Sometimes mistakes in an estate plan can be repaired after death. Sometimes not.
Charles Sukenik executed his will on November 4, 2004. His estate was to be divided between his surviving spouse, Vivian, and the couple’s private foundation. His revocable trust was restated at the same time, giving Vivian certain real property and the balance to the foundation.
Roughly five years later, in 2009, Charles designated Vivian as the beneficiary of his IRA, worth some $3.2 million.
When Charles died in 2013, the heirs discovered that the estate plan was not very tax efficient. Vivian was looking at potential income taxes of $1.6 million on the IRA distributions. She proposed to reform the estate plan, giving the IRA to the private foundation in exchange for other estate assets of equal value. The charity was not opposed to the plan. Being tax exempt, the new plan would make the income tax obligation that comes with an inherited IRA disappear. Certainly, this approach would more effectively implement Charles’ testamentary intentions.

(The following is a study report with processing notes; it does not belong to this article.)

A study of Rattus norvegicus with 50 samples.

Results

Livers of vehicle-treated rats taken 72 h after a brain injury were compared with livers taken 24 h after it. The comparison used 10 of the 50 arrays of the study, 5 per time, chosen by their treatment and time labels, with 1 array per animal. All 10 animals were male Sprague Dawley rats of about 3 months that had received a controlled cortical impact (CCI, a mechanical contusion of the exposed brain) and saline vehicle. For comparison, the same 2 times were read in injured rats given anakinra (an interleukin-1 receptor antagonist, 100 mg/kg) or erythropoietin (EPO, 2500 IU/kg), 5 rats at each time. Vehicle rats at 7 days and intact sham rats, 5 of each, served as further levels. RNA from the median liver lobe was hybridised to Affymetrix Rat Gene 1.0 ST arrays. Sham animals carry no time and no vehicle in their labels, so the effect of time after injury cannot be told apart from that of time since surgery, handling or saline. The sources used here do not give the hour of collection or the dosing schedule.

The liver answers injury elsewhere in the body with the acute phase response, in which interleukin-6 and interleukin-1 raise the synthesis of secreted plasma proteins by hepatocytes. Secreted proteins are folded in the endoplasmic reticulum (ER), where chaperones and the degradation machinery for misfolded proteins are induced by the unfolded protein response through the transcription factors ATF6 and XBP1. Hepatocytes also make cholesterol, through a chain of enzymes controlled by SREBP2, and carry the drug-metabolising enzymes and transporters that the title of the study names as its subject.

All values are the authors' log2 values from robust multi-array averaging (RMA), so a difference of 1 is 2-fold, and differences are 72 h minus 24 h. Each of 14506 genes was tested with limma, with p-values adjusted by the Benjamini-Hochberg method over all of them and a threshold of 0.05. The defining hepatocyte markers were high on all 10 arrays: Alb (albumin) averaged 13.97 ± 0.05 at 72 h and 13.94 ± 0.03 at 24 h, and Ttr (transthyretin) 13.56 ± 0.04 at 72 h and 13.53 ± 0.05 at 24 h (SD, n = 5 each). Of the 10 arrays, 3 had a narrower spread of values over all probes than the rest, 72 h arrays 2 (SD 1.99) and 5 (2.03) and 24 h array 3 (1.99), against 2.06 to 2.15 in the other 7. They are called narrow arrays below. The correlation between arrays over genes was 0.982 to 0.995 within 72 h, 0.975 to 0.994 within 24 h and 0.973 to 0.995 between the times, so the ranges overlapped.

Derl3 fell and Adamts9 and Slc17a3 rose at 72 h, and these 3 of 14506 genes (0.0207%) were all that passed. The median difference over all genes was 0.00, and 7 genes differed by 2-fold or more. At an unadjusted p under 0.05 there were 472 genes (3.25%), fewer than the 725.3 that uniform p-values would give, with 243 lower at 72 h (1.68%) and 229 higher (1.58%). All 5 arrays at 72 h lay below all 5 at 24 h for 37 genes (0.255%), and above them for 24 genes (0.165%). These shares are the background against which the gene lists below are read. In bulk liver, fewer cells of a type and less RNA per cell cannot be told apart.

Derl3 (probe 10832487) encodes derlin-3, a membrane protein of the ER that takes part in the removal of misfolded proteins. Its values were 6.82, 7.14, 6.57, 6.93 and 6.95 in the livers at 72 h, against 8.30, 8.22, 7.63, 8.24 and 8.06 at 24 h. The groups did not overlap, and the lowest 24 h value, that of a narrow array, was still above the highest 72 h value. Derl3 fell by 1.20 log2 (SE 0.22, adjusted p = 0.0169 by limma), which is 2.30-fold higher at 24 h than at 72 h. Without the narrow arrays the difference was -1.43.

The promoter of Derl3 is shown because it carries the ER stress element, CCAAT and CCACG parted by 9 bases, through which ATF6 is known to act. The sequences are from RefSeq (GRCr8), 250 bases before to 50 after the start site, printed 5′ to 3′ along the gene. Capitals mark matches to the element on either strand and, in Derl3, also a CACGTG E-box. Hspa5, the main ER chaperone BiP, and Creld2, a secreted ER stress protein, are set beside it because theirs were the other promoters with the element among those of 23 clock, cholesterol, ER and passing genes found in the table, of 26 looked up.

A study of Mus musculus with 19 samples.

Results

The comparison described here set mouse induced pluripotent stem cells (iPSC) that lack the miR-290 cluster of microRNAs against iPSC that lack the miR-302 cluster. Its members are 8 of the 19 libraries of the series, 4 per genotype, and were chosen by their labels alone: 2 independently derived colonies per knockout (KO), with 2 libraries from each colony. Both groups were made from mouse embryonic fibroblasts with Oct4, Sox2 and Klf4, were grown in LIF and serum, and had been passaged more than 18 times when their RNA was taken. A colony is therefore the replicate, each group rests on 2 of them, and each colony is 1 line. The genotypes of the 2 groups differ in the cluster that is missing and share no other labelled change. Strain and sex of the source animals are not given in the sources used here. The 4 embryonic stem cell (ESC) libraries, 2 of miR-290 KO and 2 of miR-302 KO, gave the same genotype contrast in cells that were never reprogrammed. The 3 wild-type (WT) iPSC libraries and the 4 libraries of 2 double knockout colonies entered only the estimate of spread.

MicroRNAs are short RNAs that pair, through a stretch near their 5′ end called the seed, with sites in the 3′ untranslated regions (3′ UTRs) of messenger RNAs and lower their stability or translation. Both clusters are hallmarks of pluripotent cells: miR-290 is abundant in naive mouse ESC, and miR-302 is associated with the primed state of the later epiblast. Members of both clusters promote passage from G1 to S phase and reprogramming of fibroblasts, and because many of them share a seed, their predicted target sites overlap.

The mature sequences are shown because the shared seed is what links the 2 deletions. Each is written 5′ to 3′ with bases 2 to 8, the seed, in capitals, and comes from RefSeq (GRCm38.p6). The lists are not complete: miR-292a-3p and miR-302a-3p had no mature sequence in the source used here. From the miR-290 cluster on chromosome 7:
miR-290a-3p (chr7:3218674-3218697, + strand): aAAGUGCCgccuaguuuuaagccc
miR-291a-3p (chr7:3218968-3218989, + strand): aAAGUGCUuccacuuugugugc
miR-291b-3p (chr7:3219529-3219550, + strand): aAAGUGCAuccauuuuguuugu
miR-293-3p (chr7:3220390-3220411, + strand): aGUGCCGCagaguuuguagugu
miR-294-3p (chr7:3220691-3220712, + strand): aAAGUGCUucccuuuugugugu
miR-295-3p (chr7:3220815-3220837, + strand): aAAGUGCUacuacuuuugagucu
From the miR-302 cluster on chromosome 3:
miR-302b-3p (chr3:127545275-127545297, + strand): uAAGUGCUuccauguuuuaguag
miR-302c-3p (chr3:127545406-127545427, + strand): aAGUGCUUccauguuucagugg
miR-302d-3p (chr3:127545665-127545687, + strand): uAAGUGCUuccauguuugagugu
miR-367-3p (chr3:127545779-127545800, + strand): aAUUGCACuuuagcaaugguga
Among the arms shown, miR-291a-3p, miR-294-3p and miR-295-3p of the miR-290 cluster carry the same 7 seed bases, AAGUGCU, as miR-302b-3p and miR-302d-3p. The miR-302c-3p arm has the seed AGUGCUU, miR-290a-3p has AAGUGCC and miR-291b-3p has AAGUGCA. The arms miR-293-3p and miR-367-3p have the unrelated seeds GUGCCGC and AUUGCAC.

The Court couldn’t swallow this one, because “the reformation requested here is prompted by neither a drafting error nor a subsequent change in law. Several years after executing his will and trust, decedent himself thwarted the tax efficiency of his own estate plan by making [Vivian] the beneficiary of the IRA. There is nothing in the record indicating why, after executing these estate planning instruments, [Charles] chose to leave additional assets to his wife in this manner or why, in the four years before his death, he did not take steps to cure the unfavorable tax consequences of his choice of IRA beneficiary.”
The Court concluded that if reformation were allowed in these circumstances, the decision “would expand the reformation doctrine beyond recognition and would open the floodgates to reformation proceedings aimed at curing any and all kinds of inefficient tax planning.”
Did Charles have any understanding of the tax time bomb that he included in his estate plan? It appears probable that he did not consult his attorney before designating his wife as his IRA beneficiary, which is an ordinary, everyday occurrence. But he should have.